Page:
Reflections on the Global Fund

April 28, 2011

Posted by Alvaro Bermejo

Executive Director, International HIV/AIDS Alliance

Alvaro Bermejo, was recently selected as Board member for the Developed Country NGO Delegation of the Global Fund to Fight AIDS, Tuberculosis and Malaria. He reflects on the Fund, its governance and the different choices it has to make at the moment.

The Global Fund has allowed civil society responses to go to scale in unprecedented ways. Much of the current progress against HIV, TB and malaria is due to the energy and the resources the Global Fund has mobilised and the many changes it has catalised at country level.

The Global Fund has brought innovation in many ways. Most importantly, it has re-defined participation and ‘country ownership’ to include civil society and other stakeholders. By doing so it has dramatically changed the position of affected communities and civil society organisations. Affected communities have gone from patients and targets of ‘focused interventions’ to active agents involved in strategy, programming and resource allocation decisions. Civil society organisations have gone from being mere implementers of government services to active participants in the design, planning, implementation and supervision of national responses, in many cases directly channelling the resources from the Global Fund to community-based organisations.

Needless to say, it hasn’t always worked as well as it should. The Global Fund’s Board and the national level country coordinating mechanisms (CCMs) have all been new creations and all stakeholders have had to quickly learn new ways of doing things – that’s the (exciting) price for innovation. As Executive Director of the International HIV/AIDS Alliance I have regular contact with 36 linking organisations, most of which are recipients of Global Fund resources and/or sit on CCMs. This has provided a unique perspective on this increasingly complex Global Fund: the challenges of developing proposals, of implementing against tight performance targets, of ensuring appropriate oversight and of engaging with an expanded Secretariat in Geneva.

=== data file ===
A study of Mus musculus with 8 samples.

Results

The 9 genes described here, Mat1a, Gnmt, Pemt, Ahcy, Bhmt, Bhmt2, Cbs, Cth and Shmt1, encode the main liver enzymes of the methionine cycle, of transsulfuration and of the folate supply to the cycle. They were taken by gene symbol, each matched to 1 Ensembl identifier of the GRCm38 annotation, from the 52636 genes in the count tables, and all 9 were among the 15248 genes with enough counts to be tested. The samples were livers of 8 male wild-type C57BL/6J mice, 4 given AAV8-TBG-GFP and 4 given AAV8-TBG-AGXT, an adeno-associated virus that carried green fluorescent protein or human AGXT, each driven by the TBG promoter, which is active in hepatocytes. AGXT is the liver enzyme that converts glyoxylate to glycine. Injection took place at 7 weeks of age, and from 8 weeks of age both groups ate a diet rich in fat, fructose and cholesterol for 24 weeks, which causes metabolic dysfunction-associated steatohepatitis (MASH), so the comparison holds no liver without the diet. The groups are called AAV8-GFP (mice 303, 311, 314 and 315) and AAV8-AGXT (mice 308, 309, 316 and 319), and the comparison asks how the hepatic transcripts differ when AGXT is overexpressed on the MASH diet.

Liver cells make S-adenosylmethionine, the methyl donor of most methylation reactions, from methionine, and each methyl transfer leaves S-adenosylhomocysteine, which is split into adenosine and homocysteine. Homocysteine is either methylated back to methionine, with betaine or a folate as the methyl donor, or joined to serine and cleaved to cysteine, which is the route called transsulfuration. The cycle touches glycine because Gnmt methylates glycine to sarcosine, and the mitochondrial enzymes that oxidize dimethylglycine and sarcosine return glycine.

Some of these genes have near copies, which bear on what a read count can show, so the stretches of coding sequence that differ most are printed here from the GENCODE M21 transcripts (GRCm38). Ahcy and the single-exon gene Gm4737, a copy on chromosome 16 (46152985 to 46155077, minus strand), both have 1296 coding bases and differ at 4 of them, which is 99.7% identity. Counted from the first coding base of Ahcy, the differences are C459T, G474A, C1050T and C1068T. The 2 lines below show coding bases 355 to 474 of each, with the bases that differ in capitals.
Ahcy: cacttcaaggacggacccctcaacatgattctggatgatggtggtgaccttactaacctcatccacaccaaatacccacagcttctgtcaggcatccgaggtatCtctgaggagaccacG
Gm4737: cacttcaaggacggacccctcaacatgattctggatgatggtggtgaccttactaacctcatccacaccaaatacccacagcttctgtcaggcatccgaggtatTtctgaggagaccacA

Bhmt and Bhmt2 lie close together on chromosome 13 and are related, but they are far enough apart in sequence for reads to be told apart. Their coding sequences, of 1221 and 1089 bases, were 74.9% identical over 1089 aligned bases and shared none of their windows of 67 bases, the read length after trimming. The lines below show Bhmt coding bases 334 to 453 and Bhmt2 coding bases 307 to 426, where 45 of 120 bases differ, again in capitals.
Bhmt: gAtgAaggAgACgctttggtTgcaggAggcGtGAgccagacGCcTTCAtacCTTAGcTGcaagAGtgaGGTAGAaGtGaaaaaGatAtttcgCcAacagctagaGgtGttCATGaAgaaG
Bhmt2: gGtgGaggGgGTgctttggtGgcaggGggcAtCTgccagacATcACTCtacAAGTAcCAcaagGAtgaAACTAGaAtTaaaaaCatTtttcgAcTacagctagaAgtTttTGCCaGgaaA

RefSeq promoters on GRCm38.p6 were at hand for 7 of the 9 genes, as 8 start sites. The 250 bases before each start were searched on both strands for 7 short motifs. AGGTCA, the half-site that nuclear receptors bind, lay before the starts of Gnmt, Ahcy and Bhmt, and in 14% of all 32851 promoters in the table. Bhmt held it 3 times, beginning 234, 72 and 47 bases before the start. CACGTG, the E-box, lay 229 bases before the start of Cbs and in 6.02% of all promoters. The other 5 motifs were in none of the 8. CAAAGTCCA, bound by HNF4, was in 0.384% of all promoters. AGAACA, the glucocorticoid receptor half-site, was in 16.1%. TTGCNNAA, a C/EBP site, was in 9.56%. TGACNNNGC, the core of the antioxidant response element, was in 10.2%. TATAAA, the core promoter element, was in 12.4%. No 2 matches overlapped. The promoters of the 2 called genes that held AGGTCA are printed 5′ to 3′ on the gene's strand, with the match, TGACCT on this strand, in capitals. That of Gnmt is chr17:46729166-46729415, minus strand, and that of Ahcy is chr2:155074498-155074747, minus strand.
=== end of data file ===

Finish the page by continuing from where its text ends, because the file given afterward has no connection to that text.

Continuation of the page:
As I join the Board with the responsibility to mobilise and represent a broad constituency of developed country NGOs I think of how the Board can contribute to taking the Global Fund a step further. Strong ownershp in the ‘implementors bloc’, with countries fighting for a Global Fund that has enabled them to reduce the number of citizens with AIDS, TB and malaria, to stay alive. More consistency in the ‘donors block’, who must know they’ll pay a heavy price if they starve communities of the resources they need to continue making progress against these three diseases.

As a medical doctor that started his career in slums and rural villages of Latin America I know we must build on the Global Fund to achieve so much more in global health. Can this Board work with others at GAVI, at Gates, at WHO to develop a shared vision of the future global health architecture and of how the Global Fund fits in it? Will it happen in the next 2 years? I don’t know, but there can be little worse than knowing you were given a chance and didn’t try your best. The prize is too important. A Global Fund fully funded through a combination of overseas development aid and a tax on financial transactions. A Global Fund effectively supporting communities and countries on their way towards health and justice.